Many people have repeatedly questioned my fascination and apparent obsession over Tolkien’s works.
And I have repeatedly put off their questions, fully aware that people will not understand it unless they themselves take a leap of faith and immerse themselves in the Legends of Middle Earth.
At this moment, I feel at liberty to explain to you precisely why I am so fascinated with Tolkien’s works, and why I consider him to be the pioneer of the Fantasy genre, not without asserting his dominance in the field of storyteller and well earned reputation as the best fantasy writer of all times.
Tolkien’s work is a creation of genius. One can hardly imagine how he must have connected everything in so subtle a tale that makes me feel that such times actually existed! Never before the publication of his works did a well written saga exist that was entirely and completely a work of pure imagination. One can always remark at his creative wizardry from the fact that he invented an entirely new language! The multitude of fantastical creatures that play their part in the entire web of events, the extraordinary skill with which Tolkien connected the events that took place thousands of years apart and the epic quality of narration highlights the vast imagination that cropped up as Tolkien went along rewriting his works, over and over again, until everything seemed to make sense.
I must have read the books more than 3 times yet and I always discover something new, something that went amiss the last time I read them. The more you delve into Tolkien’s world, the more you discover and the more you wonder at his brilliance.
Some would consider Rowling’s Harry Potter series to compete against Tolkien’s mythic grandeur. But I disagree and hold that Tolkien is in a different league of his own.
Why do I say this?
Tolkien’s works are a product of pure imagination. Everything that he wrote, he imagined it and wrote it in the form of a narrative. From the Silmarillion to the Return of the King, everything has been explained in such detail that it is nothing short of a masterpiece. How did Middle Earth come into existence? Where did Elves, Dwarves and other mythical creatures come from? How did evil take shape? Why was it that a hobbit and not an elf overthrew the evil of Sauron? This, and all their histories was clearly explained by J.R.R. Tolkien and his son and literary heir, Christopher Tolkien.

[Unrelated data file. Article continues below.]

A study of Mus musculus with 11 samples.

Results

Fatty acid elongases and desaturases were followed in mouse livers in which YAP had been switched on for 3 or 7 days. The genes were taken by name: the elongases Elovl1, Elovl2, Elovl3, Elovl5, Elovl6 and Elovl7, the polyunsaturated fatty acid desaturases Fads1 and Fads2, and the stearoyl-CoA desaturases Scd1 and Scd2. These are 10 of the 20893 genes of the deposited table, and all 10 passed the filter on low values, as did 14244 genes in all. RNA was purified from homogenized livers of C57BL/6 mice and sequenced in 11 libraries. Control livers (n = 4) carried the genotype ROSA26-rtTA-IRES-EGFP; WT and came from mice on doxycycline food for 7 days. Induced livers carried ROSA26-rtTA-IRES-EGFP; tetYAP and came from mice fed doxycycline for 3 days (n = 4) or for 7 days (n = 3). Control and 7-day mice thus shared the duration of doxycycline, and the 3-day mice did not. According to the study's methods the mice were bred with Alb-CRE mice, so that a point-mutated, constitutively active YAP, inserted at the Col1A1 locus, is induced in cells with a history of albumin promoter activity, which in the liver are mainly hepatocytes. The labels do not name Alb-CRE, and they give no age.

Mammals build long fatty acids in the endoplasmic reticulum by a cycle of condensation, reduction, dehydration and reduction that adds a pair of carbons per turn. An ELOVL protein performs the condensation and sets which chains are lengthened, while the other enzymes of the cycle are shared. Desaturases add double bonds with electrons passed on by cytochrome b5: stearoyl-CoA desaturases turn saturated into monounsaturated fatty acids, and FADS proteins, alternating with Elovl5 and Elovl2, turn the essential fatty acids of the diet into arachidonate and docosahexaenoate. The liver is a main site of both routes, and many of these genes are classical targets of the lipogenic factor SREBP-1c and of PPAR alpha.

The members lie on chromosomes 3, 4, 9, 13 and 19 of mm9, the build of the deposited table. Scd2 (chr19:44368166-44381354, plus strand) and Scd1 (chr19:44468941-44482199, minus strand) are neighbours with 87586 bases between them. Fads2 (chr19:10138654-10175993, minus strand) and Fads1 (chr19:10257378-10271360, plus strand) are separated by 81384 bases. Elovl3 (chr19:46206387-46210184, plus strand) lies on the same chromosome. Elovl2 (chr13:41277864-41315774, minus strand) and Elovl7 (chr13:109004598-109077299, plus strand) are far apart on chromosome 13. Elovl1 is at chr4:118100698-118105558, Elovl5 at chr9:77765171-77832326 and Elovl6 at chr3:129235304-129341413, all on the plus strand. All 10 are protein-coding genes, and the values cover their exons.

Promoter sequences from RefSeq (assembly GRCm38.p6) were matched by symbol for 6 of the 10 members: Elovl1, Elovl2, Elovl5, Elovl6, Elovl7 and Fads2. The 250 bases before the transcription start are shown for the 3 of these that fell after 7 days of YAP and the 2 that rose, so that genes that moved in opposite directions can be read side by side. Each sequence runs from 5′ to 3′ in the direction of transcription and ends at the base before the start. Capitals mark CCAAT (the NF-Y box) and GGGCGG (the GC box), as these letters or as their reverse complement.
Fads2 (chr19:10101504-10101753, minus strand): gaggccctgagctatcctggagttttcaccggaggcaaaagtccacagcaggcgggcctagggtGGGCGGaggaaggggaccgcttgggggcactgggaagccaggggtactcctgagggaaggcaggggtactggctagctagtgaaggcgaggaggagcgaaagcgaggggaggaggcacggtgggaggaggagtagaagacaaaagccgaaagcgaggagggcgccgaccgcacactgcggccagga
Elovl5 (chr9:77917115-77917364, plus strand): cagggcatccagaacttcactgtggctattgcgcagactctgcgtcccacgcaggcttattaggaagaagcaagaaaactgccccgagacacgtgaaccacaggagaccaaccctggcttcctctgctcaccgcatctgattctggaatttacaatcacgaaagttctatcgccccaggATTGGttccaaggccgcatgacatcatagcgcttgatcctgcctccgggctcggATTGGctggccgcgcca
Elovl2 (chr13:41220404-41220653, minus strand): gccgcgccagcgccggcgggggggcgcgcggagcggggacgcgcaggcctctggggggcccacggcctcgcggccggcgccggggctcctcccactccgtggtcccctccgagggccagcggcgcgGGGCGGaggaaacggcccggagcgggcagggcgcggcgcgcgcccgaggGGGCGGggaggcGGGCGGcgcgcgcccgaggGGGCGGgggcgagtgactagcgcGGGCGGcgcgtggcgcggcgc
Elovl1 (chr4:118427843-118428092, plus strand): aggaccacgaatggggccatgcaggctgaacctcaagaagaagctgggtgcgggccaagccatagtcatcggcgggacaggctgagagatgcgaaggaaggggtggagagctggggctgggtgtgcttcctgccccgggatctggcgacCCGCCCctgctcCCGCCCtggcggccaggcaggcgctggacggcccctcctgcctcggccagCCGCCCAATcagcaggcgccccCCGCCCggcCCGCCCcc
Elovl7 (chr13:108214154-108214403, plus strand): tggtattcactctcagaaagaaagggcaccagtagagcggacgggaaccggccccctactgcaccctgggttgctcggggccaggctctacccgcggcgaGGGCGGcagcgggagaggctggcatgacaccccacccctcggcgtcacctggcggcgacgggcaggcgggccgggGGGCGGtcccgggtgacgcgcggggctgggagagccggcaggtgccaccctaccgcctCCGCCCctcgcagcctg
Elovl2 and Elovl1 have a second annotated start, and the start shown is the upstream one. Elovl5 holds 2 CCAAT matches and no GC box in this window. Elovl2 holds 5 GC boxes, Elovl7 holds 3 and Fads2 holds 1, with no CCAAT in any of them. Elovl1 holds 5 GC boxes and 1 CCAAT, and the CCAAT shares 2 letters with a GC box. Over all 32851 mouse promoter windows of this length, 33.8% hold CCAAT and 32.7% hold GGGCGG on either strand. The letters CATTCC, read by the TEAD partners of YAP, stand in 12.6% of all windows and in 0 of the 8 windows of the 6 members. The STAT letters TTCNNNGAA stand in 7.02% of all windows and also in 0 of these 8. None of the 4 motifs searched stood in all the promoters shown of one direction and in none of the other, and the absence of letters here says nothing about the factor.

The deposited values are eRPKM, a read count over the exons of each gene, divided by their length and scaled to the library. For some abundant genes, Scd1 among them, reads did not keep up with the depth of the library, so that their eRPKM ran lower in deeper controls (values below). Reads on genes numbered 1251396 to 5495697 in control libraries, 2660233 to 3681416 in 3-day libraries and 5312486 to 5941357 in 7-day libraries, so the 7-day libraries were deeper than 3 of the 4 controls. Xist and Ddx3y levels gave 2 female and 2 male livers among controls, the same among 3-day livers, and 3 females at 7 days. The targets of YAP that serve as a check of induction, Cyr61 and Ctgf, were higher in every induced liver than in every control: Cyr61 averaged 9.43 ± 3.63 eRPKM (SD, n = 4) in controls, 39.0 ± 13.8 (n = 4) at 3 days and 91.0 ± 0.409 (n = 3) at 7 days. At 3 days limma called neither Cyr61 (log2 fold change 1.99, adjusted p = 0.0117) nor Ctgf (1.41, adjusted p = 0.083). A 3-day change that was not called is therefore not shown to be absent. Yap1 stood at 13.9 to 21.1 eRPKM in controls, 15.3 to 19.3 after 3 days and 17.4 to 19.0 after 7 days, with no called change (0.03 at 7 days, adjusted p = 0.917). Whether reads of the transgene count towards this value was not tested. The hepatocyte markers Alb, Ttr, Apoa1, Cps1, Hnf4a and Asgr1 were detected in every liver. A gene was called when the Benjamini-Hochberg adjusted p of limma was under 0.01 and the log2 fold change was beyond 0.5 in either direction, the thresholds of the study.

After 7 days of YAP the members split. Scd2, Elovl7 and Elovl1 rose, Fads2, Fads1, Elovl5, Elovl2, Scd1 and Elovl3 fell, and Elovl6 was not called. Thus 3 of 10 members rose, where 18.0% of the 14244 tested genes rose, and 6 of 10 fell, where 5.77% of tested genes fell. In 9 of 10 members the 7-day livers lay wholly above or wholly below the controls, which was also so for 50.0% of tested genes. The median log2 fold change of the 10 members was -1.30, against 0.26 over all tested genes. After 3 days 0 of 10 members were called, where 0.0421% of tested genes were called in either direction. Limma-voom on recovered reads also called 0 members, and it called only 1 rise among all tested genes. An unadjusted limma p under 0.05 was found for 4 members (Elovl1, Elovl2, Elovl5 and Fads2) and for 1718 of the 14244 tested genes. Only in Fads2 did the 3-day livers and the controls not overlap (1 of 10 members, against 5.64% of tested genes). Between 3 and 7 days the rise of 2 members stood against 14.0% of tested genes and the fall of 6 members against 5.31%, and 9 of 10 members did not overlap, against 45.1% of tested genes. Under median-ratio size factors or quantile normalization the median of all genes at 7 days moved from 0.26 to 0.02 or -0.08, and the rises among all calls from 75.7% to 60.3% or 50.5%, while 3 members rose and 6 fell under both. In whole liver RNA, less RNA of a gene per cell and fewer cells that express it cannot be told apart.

I agree to the fact that Harry Potter has been more successful than Lord of The Rings in the market and has become nothing short of a phenomenon. Rowling, very skilfully, managed to link many events separated by many years and has definitely established herself as the best modern fantasy writer. Her work was set in the modern times, and since it very well included children, it targeted a much wider audience. Tolkien’s style of writing and the fact that everything that he wrote was imagination is what sets him apart from every single fantasy writer that came after him.
Consider this as well: The rich diversity of names of characters in his works.
When I try to write a story inked with pure imagination, I find it a serious strain coming up with imaginative names. And every time I find myself in such a situation, I remark at Tolkien’s creative genius: How cool do names like Eriador, Gondor, Aragorn, Gandalf, Theoden, Frodo and the countless others sound! Has there been an author as accomplished as him in this sphere? I presume not.
At this point, I would do injustice if I failed to mention Peter Jackson and his contribution to Tolkien’s Middle Earth. I salute him as a director, for the epic work that he has produced and for providing us with undisputed visual insight into Tolkien’s realm. His work entirely changed the way one reads and interprets the Lord of The Rings trilogy and The Hobbit. All of the music composed by various artists like Howard Shore and Neil Finn was revolutionary and did unbiased justice to the five movies produced so far.
Every time I watch the movies or read the books, I am transported to an entirely different world, which seems much more fair and desired. Admittedly, I would prefer the life of a Hobbit: For ‘their hearts lie in peace and well tilled earth’. Even the thought of facing a hideous orc feels exciting!
You, dear reader, would probably be clueless about my raving if you have never experienced Tolkien’s magic. Nevertheless, I urge you in good faith, to read the books or in the least watch the remarkable movies that have quite frankly given the books a new line of perception.
I vow to thee, thou will not be disappointed!